Paul Giamatti In All Is Bright

Character-Actor Paul Giamatti is always looking for his next project. It’s because of this motivation that Giamatti’s wheelhouse of characters has expanded throughout his working career. Equipped with a loud timbre and a frank delivery, Giamatti is known for his perceptive yet off-the-wall characters. What sets him a part from the rest is that he knows when to take a turn in the opposite direction. Refreshingly, for Giamatti, his decisions rely purely on instincts and not a devised strategy.

Up next for Giamatti is Phil Morrison’s dark comedy All Is Bright, which sees the actor opposite Paul Rudd. Giamatti plays Dennis, an ex-con just released from prison for attempted robbery. Devoid of the colorful tones that the actor usually pulls into his characters, Giamatti plays a sympathetic ex-con with a melancholy gait. Dennis’ set up is laid out within the first half hour when he comes home to find that his wife Therese has moved on with his partner Rene (Rudd), and told their child that he has died. Incredibly bleak, and tragically humorous, Giamatti and Rudd square off as ex-partners turned rivals that desperately want to achieve success a part from their criminal past. Toss in the men trying to make an “honest living” by selling Christmas trees in the dead of winter, and you have yourself a smart yet bittersweet tale with a hint of jingle bells thrown in the mix for good measure.

Paul Giamatti sat down to talk about the quirky holiday film, and what truly excites him about film these days.


GIAMATTI: Did I talk to ex cons? Me? No! [Laughs] I felt imprisoned by the whole experience. No. I figured I could imagine what it felt like to be in prison. We had to work a little bit on the Canadian accent, which [Paul] Rudd does better than I do in the movie. It actually proved to be a much trickier accent than I thought it was going to be. I’d rather do a Russian accent than a Canadian accent. There were things like that. I was familiar with that part of Quebec and we worked around that.

On playing off of Paul Rudd:

GIAMATTI: The contrast is enough to get things going. He’s a way better actor than I am, and a way better comedic actor, so I just went with him. I have to react to him for the most part. It’s hard to say who’s the straight man from one moment to the next or who’s dumber than the other guy. It’s not clear. It changes a lot, which I thought was interesting. We had a lot of discussions, and we had a lot of rehearsal time. He’s more light on his feet, which he should be with this part. For me it was just to keep up with him. I’d like to think I’m okay.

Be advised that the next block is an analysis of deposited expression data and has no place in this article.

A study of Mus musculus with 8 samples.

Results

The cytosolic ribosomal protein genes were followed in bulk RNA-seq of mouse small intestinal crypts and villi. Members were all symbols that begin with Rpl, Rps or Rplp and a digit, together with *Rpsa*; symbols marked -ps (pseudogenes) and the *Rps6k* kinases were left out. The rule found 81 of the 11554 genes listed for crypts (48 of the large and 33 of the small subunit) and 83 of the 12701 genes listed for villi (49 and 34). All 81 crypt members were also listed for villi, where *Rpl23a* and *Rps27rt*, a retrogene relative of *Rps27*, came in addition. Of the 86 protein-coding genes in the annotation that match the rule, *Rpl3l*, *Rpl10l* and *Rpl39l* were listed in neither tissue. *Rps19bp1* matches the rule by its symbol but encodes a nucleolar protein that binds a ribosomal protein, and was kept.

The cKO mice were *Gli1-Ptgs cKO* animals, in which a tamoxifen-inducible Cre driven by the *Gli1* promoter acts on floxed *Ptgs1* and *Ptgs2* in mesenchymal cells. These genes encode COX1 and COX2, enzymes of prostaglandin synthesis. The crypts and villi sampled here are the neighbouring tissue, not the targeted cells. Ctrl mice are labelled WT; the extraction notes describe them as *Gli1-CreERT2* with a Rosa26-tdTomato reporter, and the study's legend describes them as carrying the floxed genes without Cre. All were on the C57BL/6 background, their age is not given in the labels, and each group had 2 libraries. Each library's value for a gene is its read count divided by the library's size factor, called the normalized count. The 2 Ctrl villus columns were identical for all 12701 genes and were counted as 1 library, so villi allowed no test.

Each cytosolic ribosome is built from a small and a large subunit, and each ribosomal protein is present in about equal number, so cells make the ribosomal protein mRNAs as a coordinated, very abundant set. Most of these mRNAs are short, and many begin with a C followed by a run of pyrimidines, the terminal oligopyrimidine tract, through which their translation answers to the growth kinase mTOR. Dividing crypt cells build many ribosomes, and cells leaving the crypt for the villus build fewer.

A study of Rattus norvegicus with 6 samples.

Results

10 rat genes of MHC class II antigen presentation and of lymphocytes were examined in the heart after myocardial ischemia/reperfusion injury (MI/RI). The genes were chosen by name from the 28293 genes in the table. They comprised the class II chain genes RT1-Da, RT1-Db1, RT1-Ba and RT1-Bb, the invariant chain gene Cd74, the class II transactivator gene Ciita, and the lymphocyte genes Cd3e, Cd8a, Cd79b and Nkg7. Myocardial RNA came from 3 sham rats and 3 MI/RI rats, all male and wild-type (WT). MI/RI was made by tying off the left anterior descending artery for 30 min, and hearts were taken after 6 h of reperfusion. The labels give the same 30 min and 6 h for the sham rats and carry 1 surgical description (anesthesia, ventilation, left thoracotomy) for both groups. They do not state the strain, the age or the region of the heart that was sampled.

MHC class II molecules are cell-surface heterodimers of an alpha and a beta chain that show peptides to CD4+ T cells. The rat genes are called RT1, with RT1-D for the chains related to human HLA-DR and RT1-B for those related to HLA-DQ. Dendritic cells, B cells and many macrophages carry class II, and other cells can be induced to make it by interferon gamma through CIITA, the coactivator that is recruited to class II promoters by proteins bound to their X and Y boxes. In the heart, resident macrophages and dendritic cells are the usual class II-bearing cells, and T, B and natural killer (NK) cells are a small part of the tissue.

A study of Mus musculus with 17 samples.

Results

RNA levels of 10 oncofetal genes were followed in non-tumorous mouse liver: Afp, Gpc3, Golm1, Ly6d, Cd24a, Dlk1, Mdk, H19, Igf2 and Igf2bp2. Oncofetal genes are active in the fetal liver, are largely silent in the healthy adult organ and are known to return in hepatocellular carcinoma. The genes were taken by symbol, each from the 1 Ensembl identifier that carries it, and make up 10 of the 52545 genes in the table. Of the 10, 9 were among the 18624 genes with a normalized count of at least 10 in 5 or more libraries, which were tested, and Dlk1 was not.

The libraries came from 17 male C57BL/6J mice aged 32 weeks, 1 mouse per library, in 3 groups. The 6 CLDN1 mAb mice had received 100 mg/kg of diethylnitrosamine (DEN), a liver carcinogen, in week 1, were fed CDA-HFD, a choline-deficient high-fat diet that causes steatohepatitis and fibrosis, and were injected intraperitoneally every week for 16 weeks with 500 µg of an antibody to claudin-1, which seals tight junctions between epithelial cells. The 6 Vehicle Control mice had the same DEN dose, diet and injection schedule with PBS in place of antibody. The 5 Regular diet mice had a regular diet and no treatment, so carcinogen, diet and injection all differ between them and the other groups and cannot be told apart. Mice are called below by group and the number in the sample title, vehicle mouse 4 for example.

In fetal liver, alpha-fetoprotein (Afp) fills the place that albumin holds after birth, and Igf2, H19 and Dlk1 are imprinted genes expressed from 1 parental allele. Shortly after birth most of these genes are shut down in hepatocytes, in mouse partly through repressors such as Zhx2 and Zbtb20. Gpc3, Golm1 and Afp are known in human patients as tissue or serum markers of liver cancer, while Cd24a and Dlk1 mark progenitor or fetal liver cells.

On the key to looking for new projects:

GIAMATTI: Facial hair. What kind of facial hair will I have? I went to the school of follicle realism. If I have the hair, I have the character. [Laughs] I suppose if the story is more gripping than anything else. The characters are great, and that’s a nice thing, but I just have to find the story interesting. The person making it is also more important than anything else. I just need to be compelled to keep reading the script! It’s more rare to actually be engaged by a story.

On taking on The Rhino in The Amazing Spider-Man 2:

GIAMATTI: It was great! It was kind of funny. People were like, ‘How are you going to do this?’ but I was like, ‘Man I was ready to play this since I was five years old!’ This is easy. I know how to run around with a machine gun and scream at people, and blow stuff up! That was so much fun. I don’t have any prosthetics. I have to wear tattoos. I have ‘a thing’ that I’m not supposed to talk about. They’ll kill me.

Switching from comedy to drama:

GIAMATTI: It’s what I’m supposed to do. Sometimes the more extreme the shift is the more pleasurable it is to catapult from one thing to the next. It’s easier to go to something even closer. That would be really difficult. To jump to something entirely different is kind of what I’m supposed to do. I try to seek it out. I like to do good things, and I don’t just do it for the hell of it. I have some funny notion that that’s what an actor is supposed to do. [Laughs] People are supposed to go, ‘Oh that guy again, but he’s playing that?’

ALL IS BRIGHT hits theaters Friday, October 4, 2013 and is available on VOD. DVD release is slated for November 18, 2013.